Thomas and Raymond Kwok charged in corruption scandal

In this file picture taken on 3 April, 2012, Raymond Kwok (L) and Thomas Kwok (R) walk towards a press conference in Hong Kong Thomas (r) and Raymond Kwok head Asia's most valuable real estate firm

Two billionaire property developers in Hong Kong have been charged with bribery-related offences in a high-profile corruption case.

Authorities allege Thomas and Raymond Kwok gave bribes in exchange for information on land sales between 2005 and 2007.

Rafael Hui, formerly Hong Kong's second highest ranking government official, has also been charged.

The Kwoks head Sun Hung Kai Properties, Asia's most valuable real estate firm.

The brothers have denied the allegations.

Analysis

The Hong Kong media turned out in force to see five of the city's most powerful men face a judge at the Eastern Magistrates Court on graft charges.

No pleas were entered. Four of the men walked past the crowd of journalists and into their cars. Only Raymond Kwok faced the cameras to declare his innocence.

The corruption case is the biggest Hong Kong has ever seen. Long-time politics watchers tell me they are in shock that men at the top of the political and business elite like Mr Hui and the Kwok brothers would be held to account in this manner.

The media circus will begin again in October, when the trial resumes. Already, there is talk of wider political fallout.

The new chief executive CY Leung will be under even more pressure to tackle misbehaviour among government officials. Earlier this week, a minister resigned after being arrested by the anti-corruption watchdog over a property scandal.

Their net worth is in the tens of billions of dollars, reports the BBC's Juliana Liu in Hong Kong. Their firm is behind two of the tallest buildings in Hong Kong, a place known for its towering skyscrapers.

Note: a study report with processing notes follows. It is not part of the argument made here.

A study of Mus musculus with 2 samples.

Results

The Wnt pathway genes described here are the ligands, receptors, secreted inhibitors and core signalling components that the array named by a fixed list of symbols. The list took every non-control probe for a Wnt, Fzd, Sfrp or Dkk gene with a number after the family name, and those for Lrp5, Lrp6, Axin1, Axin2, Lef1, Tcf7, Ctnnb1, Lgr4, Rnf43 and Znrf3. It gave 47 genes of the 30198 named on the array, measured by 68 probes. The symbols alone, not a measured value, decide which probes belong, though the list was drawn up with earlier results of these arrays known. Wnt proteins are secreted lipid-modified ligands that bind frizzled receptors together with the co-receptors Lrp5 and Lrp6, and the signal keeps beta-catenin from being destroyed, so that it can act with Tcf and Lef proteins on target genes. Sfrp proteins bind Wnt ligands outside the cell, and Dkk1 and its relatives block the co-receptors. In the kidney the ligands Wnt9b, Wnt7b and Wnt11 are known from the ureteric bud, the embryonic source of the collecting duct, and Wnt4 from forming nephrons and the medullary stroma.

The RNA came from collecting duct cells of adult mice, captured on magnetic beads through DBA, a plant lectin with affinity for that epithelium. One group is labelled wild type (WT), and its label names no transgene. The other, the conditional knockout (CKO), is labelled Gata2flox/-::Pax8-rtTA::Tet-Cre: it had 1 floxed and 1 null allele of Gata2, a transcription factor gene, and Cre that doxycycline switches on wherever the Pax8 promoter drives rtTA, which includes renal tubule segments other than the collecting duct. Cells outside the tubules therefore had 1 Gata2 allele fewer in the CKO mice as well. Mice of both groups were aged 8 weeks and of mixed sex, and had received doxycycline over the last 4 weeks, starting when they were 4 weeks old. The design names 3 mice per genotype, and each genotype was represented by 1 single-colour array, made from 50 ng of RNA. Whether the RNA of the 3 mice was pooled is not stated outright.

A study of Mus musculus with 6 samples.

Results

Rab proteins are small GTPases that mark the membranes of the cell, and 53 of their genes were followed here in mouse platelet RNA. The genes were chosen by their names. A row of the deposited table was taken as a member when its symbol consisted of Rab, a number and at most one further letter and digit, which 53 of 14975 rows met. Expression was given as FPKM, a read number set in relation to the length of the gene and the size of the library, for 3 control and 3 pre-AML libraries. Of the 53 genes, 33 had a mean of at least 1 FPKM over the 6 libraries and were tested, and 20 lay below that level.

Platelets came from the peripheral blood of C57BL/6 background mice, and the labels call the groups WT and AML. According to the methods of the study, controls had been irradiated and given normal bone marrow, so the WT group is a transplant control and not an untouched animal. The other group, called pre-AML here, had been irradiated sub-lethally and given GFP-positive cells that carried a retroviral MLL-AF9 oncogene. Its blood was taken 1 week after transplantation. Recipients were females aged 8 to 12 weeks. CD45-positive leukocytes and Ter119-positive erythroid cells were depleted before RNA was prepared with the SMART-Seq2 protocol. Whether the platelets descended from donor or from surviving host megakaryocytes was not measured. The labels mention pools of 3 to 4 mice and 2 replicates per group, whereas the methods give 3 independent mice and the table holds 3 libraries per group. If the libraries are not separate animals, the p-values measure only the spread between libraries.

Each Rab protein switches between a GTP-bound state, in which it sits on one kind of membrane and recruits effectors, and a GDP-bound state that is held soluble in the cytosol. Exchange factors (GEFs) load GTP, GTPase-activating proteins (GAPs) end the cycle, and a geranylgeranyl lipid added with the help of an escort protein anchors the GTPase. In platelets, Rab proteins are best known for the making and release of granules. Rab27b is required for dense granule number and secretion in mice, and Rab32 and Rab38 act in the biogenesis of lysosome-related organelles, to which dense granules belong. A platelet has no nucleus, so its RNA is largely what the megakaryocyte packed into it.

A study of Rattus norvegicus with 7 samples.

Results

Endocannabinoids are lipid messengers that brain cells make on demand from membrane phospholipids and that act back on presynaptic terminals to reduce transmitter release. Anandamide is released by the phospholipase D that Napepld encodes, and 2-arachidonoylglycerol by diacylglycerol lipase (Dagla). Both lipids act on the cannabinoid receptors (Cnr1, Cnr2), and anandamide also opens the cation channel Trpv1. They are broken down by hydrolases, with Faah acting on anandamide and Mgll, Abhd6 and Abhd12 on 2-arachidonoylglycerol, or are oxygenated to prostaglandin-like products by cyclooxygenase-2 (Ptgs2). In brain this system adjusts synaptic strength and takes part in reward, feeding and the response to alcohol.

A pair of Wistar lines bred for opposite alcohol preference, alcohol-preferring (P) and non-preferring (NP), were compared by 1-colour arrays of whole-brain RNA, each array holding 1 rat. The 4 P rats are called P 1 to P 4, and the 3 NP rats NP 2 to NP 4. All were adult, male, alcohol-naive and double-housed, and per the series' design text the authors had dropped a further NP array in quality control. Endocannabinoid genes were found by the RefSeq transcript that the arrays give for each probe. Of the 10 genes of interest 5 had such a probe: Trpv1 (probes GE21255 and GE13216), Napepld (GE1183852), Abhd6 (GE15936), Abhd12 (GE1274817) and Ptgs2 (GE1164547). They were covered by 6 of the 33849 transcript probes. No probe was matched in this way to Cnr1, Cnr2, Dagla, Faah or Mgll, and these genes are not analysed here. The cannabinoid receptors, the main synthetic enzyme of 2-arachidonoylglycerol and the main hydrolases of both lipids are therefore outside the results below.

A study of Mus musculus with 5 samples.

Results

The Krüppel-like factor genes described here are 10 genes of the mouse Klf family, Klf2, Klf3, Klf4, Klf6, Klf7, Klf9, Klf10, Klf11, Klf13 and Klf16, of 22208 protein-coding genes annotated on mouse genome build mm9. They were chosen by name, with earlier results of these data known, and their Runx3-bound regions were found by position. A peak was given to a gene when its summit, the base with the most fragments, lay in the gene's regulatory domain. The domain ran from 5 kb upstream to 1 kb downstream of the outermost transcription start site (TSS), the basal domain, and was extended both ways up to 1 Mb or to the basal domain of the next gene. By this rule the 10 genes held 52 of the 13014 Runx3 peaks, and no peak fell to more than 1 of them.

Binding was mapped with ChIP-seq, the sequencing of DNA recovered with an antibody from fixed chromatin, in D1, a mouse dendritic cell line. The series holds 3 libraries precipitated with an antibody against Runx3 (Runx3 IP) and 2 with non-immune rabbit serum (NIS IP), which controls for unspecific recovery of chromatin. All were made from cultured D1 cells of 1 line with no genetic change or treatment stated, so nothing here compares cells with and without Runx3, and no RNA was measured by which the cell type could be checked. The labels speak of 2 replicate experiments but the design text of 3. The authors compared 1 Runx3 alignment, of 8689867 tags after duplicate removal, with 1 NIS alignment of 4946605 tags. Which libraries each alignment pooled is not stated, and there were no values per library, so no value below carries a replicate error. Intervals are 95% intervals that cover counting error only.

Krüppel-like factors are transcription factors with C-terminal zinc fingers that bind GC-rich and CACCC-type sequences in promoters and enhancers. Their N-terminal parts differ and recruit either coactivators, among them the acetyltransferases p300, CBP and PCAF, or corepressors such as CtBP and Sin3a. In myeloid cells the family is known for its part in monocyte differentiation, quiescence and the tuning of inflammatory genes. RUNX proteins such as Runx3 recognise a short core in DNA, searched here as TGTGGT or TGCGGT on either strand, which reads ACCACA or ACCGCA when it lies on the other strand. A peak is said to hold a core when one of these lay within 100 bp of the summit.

The brothers appeared before the city's Independent Commission Against Corruption (ICAC) earlier on Friday.

'Light will shine'

"I believe I have not done anything wrong and that the Hong Kong judiciary system is fair. I will fight the accusations and I hope it will prove my innocence," said Raymond Kwok outside the court, according to the AFP news agency.

He said he had turned to yoga to deal with the situation. "I want to encourage people to learn yoga because it can help you to relax and it has helped me to face the challenge in these few months," he added.

Meanwhile, his brother Thomas said he would rely on his Christian faith to fight the case, quoting from the Bible the phrase: "Light will shine in the darkness."

Mr Hui, the Kwok brothers and two other businessmen face eight charges including conspiracy to offer advantages to a public servant and misconduct in public office.

The above offences allegedly took place between June 2000 and January 2009, said an ICAC statement.

All five men were charged with the offences related to payments and unsecured loans amounting to HK$34m ($4.38m, £2.84m).

The brothers were taken into custody in March, but are free on bail.

Trading in shares of Sun Hung Kai was suspended shortly after the markets opened in Hong Kong.

The pair's prosecution set in train the highest-profile corruption case the city has ever seen, at a time of widespread anger about perceived collusion between the government and property tycoons, says our correspondent.

Scandal in the city

The scandal risks tarnishing Hong Kong's reputation as one of the least corrupt places in the world, according to Transparency International.

The charge came just a day after Hong Kong's development secretary was arrested, along with three others, on corruption charges following allegations they abused government housing allowances.

Mak Chai-kwong has since stepped down, dealing a fresh blow to the government of Leung Chun-ying, the city's new leader.

Mr Leung himself is embroiled in a scandal over six illegal structures at his $64m luxury residence in the exclusive Peak district.

He was chosen as Hong Kong's new leader by a committee of 1,200 business leaders and other influential citizens mostly loyal to Beijing after an unusually turbulent campaign in March.

The Chinese government switched its support to him after a string of scandals hit early front-runner Henry Tang, who was also said to have had an illegal basement at his home.

But last week, a group of lawmakers filed a judicial review, asking a judge to overturn the election result, as well as an election petition.